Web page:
There are a great number of different aspects to surfboard design that will influence its behaviour in the water. There are the most obvious ones, such as the overall length of the board, but there are many other, sometimes more subtle, design features that will also have an impact, including:
- Volume - Greater volume provides more float and results in an easier take-off as it will catch waves more easily. However, volume is also a disadvantage when it comes to manoeuvrability and duck-diving.
- Width – Greater width improves foiling but reduces manoeuvrability.
- Nose shapes – Greater width of the nose and the shoulder improves nose-riding on longboards.
- Tail shapes – Options include pin, squash, square, round, and swallow. Notches in the rails are called wings (the distance of the wing from the tail also changes performance).
- Concave or convex base – sophisticated flow shapes and foiling.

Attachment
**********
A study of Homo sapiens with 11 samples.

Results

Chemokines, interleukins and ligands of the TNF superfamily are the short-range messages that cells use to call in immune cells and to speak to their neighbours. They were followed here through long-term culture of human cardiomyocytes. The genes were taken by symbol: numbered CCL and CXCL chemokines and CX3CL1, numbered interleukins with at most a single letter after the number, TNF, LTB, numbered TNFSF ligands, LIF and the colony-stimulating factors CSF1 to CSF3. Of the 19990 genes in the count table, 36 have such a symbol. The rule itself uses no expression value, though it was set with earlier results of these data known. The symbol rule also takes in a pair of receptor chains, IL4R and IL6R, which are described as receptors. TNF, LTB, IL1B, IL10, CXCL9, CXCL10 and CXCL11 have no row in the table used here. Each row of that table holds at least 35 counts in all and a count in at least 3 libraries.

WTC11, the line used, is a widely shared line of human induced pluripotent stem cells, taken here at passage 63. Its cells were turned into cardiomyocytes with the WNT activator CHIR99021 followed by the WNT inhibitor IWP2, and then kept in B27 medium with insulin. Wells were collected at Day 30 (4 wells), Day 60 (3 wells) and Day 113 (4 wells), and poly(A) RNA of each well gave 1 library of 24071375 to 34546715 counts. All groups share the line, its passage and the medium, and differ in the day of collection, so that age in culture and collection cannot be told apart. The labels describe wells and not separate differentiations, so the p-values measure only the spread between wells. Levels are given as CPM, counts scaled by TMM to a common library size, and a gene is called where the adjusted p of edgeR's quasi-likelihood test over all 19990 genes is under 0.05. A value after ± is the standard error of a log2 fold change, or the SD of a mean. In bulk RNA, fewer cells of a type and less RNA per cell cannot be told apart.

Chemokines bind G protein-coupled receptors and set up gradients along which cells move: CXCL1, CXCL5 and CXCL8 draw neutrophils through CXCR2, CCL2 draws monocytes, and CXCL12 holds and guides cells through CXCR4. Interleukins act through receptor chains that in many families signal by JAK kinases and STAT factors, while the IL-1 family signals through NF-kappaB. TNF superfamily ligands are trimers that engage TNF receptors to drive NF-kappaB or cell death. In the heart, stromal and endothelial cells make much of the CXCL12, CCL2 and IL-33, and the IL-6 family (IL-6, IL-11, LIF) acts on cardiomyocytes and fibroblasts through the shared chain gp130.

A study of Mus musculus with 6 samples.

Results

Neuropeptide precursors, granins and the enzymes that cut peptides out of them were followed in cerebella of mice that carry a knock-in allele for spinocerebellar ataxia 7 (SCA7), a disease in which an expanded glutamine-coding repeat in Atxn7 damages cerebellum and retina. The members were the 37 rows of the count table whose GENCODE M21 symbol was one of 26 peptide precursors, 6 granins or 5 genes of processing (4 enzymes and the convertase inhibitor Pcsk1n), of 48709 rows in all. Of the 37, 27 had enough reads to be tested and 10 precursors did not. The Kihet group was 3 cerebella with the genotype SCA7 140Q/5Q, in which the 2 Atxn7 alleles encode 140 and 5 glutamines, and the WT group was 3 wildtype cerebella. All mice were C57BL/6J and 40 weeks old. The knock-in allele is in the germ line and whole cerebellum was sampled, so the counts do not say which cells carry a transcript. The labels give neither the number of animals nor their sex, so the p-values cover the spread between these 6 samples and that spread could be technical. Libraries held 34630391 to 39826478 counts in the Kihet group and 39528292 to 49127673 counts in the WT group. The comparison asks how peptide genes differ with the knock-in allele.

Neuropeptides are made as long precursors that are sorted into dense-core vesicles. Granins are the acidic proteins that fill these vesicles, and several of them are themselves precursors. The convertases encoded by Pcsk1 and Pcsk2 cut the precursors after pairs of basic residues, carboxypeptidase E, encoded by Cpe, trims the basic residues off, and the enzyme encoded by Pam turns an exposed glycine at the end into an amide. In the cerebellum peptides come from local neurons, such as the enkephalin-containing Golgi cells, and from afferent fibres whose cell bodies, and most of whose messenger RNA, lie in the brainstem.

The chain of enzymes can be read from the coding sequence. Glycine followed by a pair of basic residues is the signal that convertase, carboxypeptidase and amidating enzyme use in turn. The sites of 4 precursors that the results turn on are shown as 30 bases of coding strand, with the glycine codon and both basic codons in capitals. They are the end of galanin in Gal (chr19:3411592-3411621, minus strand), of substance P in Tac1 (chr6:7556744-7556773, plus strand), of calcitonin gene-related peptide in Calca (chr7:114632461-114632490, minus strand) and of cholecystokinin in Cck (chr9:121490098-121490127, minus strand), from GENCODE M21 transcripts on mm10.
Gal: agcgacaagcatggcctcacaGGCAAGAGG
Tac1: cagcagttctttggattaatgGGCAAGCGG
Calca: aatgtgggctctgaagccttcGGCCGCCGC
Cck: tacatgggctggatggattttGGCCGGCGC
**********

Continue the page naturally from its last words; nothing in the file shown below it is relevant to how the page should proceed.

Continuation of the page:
- Channels and flutes - cut into the board to give faster water-flow off the edges of the board and wings.
- Rocker and rails – more rocker slows it down but gives more lift when taking off. Flatter is faster.
In addition to board shape, another key aspect of the surfboard design is the number, type, size and position of the fins - the fin setup. Common choices are:
- Single fin – The classic. Some would have it no other way.
- Single fin plus stabilisers - Two additional, small fins provide additional hold in the wave face and additional stability. Popular with modern longboard designs.
- Thruster – For those looking for sharp, snappy turns. Designed for riding off the tail. Typically stalls in the turn. Holding and control works well in powerful waves.
- Twin fin ('Twinny') - Shortboard fin setup made popular in the 1970s – with an optional small, central back fin? Tends to ride better from the middle of the board. Can be changed by foiling and flow shapes through the tail, or by increasing size or shape of fins. Small fins make it flow and fast. Bigger fins give more control.
- Quad fin - Extension of twin fin setup. Gives lots of drive through the turns. Glen Winton was the first to ride a quad-fin setup in the pro circuit and got high in ASP ratings back in the 1980s. Generally used for tow-in boards for the improved stability. Like twin-fins, quad-fins can be ridden further up the board.